Herbal medicinal teas

 

They are the most ancient form of herbal medicine. There are many simple ways of preparing medicinal herbs at home. Different preparations are best suited to different types of herbs and to certain types of health conditions. For example, hot infusions are used to prepare most dried herbs, but some delicate herbs must be prepared using a cold infusion to protect their active ingredients. Herbs are often used medicinally as a tea, but some health problems (such as pimples, eczema, sprains and headaches) also benefit from applying the herbs externally as a poultice, fomentation, or soaking with them in a bath. The information that follows will give you all the practical information you need for preparing the specific herbal recipes that appear in my book: Herbs and Health with Hilde Hemmes.

Hot infusion

A hot infusion is one of the simplest ways to prepare many dried herbs for use as a medicine or as a revitalizing herbal tea. To prepare a hot infusion, begin by weighing each of the herbs listed in your chosen recipe. Place all the weighed herbs into a bowl, mix them well and then store in a sealed glass jar away from sunlight. To prepare each dose of a hot infusion, measure 1 heaped teaspoonful of the mixed herbs and pour 1 cup of boiling water over them. Cover the cup with a lid or saucer—this ensures that the volatile oils in many medicinal herbs do not escape into the air. Allow the mixture to steep for 3–5 minutes and strain before using. If not using straight away, you can store an infusion in a covered jug or container in the fridge for up to 24 hours and gently warm the mixture before drinking.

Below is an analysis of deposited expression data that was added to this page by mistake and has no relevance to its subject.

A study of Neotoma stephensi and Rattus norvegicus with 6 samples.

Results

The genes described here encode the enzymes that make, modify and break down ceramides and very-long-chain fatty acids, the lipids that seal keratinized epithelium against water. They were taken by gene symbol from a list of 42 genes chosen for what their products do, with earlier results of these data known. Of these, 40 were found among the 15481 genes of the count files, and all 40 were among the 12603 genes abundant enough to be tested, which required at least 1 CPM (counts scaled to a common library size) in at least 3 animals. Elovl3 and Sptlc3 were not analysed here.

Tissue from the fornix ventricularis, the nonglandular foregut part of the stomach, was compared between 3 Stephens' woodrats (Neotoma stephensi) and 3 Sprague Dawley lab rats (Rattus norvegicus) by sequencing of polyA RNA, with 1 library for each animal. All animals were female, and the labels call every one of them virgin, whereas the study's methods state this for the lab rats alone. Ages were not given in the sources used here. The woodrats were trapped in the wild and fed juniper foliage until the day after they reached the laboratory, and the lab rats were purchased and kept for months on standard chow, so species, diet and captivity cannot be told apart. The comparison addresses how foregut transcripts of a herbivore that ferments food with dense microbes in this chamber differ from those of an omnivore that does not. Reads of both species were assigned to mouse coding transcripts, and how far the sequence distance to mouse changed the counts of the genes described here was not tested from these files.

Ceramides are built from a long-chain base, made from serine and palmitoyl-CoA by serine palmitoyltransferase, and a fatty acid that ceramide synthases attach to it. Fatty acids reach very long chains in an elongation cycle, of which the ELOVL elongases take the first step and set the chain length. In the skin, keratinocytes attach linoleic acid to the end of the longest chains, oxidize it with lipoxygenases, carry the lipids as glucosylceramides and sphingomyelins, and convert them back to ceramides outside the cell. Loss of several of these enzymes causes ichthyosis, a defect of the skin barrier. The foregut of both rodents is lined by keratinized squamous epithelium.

Cold infusion

Cold infusions are usually recommended for preparing more delicate herbs whose active ingredients can be damaged by high temperatures. To prepare a cold infusion, begin by weighing each of the herbs listed in your chosen recipe. Place all the weighed herbs into a bowl, mix them well and then store in a sealed glass jar away from sunlight. To prepare each dose of a cold infusion, measure 1 heaped teaspoonful of the mixed herbs and pour 1 cup of cold water over them. Cover and allow to steep for 8–12 hours (this is best done overnight). Strain and warm slightly before drinking.

Decoction

Decoction is the method used to extract the medicinal ingredients from the harder parts of herbs such as roots, bark, twigs and berries. To prepare a decoction, begin by weighing each of the herbs listed in your chosen recipe. Place all the weighed herbs into a bowl, mix them well and then store in a sealed glass jar away from sunlight. To prepare each dose of a decoction, measure 1 heaped teaspoonful of the mixed herbs and place them in a saucepan with 1 cup of cold water. Bring the mixture to the boil, simmer for 10–15 minutes (longer if the roots are very hard) and strain before drinking. If not using straight away, you can store a decoction in a covered jug or container in the fridge for up to 48 hours and gently warm the mixture before drinking.